WATERVILLE — Three city public works trucks went off the road late Monday night and into Tuesday morning as a result of icy conditions.

Public Works Director Mark Turner said crews were out for nearly 12 hours pouring sand and salt onto the roads, as sleet and freezing rain, mixed with cold temperatures, created difficult driving conditions. He said they poured about 500 yards of sand and nearly 200 tons of salt from 9 p.m. until sometime after 8 a.m.

“We were expecting a three-hour call in and we were there all night,” Turner said.

Due to the poor conditions, Turner said three trucks went off the road. One was turning onto Gilman Street, where Turner said the driver found a vehicle stuck in the road, so the truck driver had to stop. Once the other vehicle turned around and drove away, the driver attempted to start moving the truck again, but spun around and slid backwards. The truck ended up in a residential driveway and damaged the rear end of a parked SUV. No one was injured, and an accident report was filed with police.

“It was very, very slippery all night. It was difficult for everybody out there,” Turner said.

Two other vehicles went off the road as well, but resulted in no other property damage. One truck went off the road on Country Way last night, and another Tuesday morning at the Quarry Road recreation area. Turner said they were able to pull all the trucks back out, and none were damaged. But he said they had to delay pulling the trucks out immediately, because they had to keep sanding the roads. He said sanding the roads was “a priority situation.”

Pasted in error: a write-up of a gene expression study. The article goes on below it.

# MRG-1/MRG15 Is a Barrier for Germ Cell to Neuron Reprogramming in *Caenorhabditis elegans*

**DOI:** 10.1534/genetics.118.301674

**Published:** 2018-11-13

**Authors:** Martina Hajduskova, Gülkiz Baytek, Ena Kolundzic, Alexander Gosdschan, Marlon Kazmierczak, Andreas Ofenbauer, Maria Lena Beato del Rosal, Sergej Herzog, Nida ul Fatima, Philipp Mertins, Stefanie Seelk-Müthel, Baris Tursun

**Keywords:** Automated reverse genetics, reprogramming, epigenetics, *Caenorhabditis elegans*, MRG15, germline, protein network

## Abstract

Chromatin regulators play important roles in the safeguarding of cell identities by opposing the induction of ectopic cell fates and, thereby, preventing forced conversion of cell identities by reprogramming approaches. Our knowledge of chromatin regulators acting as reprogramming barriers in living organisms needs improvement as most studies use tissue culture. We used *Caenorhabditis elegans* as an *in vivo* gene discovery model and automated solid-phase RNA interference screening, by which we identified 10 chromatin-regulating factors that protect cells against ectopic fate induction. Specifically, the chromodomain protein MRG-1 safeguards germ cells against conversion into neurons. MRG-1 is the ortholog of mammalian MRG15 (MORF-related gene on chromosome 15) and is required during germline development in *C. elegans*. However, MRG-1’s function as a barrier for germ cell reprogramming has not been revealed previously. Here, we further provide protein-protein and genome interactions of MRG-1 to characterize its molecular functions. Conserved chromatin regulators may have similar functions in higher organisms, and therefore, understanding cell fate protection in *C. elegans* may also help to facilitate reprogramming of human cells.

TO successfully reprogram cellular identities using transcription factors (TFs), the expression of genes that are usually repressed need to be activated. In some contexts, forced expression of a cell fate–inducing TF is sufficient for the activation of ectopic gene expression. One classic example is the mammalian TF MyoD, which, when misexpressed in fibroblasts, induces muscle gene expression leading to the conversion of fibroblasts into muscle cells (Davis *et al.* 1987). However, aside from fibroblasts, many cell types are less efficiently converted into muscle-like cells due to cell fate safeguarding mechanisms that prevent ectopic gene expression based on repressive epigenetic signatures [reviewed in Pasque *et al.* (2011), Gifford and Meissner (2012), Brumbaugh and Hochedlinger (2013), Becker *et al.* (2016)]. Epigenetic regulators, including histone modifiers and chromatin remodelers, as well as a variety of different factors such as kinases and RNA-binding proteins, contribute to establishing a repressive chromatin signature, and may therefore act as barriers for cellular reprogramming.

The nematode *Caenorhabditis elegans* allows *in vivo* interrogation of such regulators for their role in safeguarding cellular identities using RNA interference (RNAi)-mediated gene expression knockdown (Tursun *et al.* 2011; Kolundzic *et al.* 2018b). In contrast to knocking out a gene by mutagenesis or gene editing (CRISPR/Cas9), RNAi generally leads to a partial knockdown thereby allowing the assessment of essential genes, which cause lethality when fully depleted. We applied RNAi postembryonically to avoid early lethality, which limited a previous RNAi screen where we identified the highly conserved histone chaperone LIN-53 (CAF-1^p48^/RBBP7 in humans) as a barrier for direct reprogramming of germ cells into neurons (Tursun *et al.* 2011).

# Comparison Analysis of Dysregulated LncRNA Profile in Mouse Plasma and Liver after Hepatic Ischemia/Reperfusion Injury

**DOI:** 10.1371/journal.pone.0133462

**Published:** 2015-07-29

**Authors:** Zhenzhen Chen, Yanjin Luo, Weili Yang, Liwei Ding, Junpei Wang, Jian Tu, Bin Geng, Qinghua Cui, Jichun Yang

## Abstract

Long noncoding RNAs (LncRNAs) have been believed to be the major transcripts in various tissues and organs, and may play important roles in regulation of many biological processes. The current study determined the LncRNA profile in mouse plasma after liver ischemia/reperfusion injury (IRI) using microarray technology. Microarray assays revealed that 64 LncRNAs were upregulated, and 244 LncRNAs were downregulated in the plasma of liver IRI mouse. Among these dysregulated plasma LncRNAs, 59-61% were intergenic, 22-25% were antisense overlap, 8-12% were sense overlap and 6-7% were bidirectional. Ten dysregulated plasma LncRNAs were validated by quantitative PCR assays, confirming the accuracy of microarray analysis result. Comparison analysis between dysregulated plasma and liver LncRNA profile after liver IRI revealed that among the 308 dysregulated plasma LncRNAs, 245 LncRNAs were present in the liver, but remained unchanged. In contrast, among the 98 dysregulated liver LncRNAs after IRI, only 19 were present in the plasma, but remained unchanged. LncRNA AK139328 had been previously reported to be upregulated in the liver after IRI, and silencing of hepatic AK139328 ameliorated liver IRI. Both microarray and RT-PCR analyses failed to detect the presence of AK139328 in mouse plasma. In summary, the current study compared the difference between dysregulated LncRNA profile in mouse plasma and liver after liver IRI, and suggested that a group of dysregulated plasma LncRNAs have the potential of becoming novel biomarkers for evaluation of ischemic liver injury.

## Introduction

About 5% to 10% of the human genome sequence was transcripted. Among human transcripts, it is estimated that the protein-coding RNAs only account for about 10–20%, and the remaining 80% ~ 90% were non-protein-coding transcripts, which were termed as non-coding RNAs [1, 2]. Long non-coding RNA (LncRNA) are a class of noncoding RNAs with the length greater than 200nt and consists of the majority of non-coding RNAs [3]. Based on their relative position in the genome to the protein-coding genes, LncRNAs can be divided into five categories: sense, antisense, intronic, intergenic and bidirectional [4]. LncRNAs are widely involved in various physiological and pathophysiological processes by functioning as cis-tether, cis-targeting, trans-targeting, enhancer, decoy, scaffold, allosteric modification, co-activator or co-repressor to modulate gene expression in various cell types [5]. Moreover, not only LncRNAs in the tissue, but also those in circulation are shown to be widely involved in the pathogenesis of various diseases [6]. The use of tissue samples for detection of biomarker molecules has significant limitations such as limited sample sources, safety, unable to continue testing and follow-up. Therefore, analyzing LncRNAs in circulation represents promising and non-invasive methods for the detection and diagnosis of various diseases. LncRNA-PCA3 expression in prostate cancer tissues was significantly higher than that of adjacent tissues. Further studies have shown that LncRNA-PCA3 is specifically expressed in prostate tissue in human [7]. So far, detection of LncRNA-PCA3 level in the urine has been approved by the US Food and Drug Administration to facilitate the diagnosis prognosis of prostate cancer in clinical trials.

“The trucks were having a hard time getting traction with sand,” Turner said, adding that just an hour after pouring sand, the roads were glazed over with ice again.

He said while it usually takes about two and a half hours to sand the main streets, pouring sand in Monday night’s travel conditions took roughly six hours. Turner said it was “slow going and very difficult for the operators.”

“Thankfully the primary sanding team stayed on and stayed with it,” Turner said. “I think we did a good job and it required an all night effort.”

Turner said they are now turning their attention to a possible snowstorm Thursday night into Friday morning. Eric Sinsabaugh, a meteorologist with the National Weather Service, said a potentially significant amount of snow could fall Thursday evening into Friday morning. He said it will likely begin Thursday afternoon, picking up intensity into the evening. Inland areas could see 6 inches of snow or more, and there could be a foot of snow in the mountains and foothills. The coast could see a mix of rain and snow. Sinsabaugh said the snow will likely be wet, making traveling conditions difficult.

“We are gearing up for that right now at least in the mobilization of the equipment,” Turner said.